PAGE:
The situation: You’re churning through your training plan, checking off days, feeling like a boss. You know how to crush a long run; you really know how to crush a rest day; and you’ve even got some of those interval workouts figured out. But then, you come across a day that calls for “strides” on your training plan, and you’re left scratching your head instead of smashing another workout. Not to worry, we’ve got you covered. Here’s the rundown on running strides.
What Are Strides?
A stride, also known as a pick-up or a strider, is an easy-to-perform running drill that improves your form and mechanics. Think of them as short accelerations during which you over-exaggerate your running form. They are quite flexible and can be plugged into your regimen after easy runs to work on form, used to warm up before speed workouts or races, or used as a speed workout for new runners.
Why Should Try Running Strides?
The ultimate goal of running strides is to increase your stride length while maintaining a quick turnover, or cadence. Although they may sound tricky or complicated, they really aren’t. In layman’s terms, running strides is like going from running easy to increasing your speed by lengthening your stride for about 15 seconds and then slowing your speed and walking back to recover and catch your breath.
First, find a predictably flat surface (runway) that is long enough to run 30 seconds at speed (about 250 to 300 feet for most). If you have access to a track, that’s a great place to start, but if not, look for a dead-end street away from traffic or even a long patch of grass in a local park.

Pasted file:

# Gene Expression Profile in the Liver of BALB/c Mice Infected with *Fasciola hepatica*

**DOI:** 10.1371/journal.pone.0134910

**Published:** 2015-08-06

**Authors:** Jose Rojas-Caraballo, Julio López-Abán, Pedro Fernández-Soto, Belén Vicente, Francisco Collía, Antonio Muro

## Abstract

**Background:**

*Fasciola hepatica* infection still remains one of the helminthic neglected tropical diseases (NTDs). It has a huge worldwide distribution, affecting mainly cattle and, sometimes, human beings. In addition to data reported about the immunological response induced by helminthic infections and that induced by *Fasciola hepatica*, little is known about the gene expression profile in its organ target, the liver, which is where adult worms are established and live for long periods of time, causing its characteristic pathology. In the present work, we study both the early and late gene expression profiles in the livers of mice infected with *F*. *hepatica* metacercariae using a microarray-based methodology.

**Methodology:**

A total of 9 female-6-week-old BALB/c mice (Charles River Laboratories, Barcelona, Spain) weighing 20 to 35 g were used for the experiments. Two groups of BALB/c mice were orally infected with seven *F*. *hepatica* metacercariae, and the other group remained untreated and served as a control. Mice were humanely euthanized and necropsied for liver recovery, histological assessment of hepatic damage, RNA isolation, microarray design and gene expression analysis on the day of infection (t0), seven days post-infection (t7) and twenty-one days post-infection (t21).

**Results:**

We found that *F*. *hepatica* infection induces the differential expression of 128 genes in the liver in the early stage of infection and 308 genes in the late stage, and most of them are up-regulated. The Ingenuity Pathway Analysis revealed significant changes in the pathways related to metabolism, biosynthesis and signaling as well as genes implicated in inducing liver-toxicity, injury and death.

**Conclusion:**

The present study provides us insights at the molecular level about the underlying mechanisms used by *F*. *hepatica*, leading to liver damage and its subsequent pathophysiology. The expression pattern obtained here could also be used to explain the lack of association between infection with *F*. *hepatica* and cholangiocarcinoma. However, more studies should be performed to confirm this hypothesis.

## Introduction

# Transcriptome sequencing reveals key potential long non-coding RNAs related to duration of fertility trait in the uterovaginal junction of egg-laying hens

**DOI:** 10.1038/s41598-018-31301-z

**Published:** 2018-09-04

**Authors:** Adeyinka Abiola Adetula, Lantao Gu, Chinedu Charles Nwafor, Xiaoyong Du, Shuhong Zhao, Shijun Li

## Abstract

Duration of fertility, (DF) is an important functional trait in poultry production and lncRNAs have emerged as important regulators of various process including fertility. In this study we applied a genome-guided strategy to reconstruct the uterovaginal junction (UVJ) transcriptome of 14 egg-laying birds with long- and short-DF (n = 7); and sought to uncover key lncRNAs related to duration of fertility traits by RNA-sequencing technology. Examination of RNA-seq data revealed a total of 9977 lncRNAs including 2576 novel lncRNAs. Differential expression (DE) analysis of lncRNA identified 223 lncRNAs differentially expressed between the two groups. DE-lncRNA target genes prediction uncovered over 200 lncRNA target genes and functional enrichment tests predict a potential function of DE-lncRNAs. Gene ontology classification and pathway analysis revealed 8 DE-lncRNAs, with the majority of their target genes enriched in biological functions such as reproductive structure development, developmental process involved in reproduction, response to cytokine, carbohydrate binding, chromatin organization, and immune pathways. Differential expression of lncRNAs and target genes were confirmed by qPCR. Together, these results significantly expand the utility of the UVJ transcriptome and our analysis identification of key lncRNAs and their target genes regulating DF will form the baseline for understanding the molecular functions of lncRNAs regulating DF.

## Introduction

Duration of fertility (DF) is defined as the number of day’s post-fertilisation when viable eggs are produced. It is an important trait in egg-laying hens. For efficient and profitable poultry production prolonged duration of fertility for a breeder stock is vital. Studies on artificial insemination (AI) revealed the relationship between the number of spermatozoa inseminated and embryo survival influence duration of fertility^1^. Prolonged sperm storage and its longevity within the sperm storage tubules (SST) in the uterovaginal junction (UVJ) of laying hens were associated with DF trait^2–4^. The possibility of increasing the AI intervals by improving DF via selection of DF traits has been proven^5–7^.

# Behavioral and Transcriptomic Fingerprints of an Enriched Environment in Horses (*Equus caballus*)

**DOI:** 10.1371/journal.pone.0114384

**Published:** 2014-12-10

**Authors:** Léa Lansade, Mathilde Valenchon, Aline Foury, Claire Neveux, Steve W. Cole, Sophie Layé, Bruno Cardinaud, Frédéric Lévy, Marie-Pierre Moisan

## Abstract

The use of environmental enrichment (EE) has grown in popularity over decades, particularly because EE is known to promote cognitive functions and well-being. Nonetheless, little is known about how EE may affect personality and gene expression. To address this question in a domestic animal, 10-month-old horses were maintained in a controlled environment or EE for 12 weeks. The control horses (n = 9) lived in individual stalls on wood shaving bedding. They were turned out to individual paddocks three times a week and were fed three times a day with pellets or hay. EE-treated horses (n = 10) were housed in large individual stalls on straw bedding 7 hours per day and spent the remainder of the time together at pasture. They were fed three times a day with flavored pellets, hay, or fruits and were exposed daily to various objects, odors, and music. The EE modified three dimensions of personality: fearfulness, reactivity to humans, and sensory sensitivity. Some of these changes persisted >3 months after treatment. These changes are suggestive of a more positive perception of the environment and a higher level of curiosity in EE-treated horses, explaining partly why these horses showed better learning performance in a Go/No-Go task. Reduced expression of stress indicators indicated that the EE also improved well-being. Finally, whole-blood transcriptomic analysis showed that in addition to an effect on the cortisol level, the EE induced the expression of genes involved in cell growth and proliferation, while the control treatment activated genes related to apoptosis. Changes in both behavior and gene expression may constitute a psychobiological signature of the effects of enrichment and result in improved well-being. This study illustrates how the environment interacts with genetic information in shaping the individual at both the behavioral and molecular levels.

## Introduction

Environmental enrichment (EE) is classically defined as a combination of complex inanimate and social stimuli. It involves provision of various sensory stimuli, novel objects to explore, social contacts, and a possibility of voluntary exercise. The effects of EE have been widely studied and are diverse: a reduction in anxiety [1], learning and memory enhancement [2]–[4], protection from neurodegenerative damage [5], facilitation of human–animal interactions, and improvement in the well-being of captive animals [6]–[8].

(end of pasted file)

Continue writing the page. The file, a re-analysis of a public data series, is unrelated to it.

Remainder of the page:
If you’re running strides before a speed workout or race, make sure to warm up first with 3 to 5 minutes of walking and 5 to 10 minutes of easy-paced running. For races, time the strides so you complete them a few minutes prior to the start of the race. If you’re running strides at the end of an easy run, walk it out for a few minutes to bring your heart rate down and calm your breathing before you start the drill. If strides are new in your running regimen, start with a total of 4 and slowly build to 6 to 8 over time.
Start the stride by running easy, focusing on a short, quick stride, and then gradually increase your speed by lengthening your stride. Keep your torso tall and relaxed. It should feel like a controlled fast pace rather than a sprint. When you reach three quarters into the runway distance, gradually decelerate by shortening your stride until you come to a walk. If you’re running by time, the total stride should be around 30 seconds (i.e. run easy for 10 seconds, increase stride length for 15 seconds, and decelerate for 5 seconds). Walk back to the starting point to recover and catch your breath and repeat the stride again.
Strides can also be woven into the middle of an easy run, which is a great strategy for new runners with base mileage to learn mechanics and how to run faster, but strides are a great training tool for all runners from beginners to expert runners. Weave them in to your training at least once a week to dial in your form.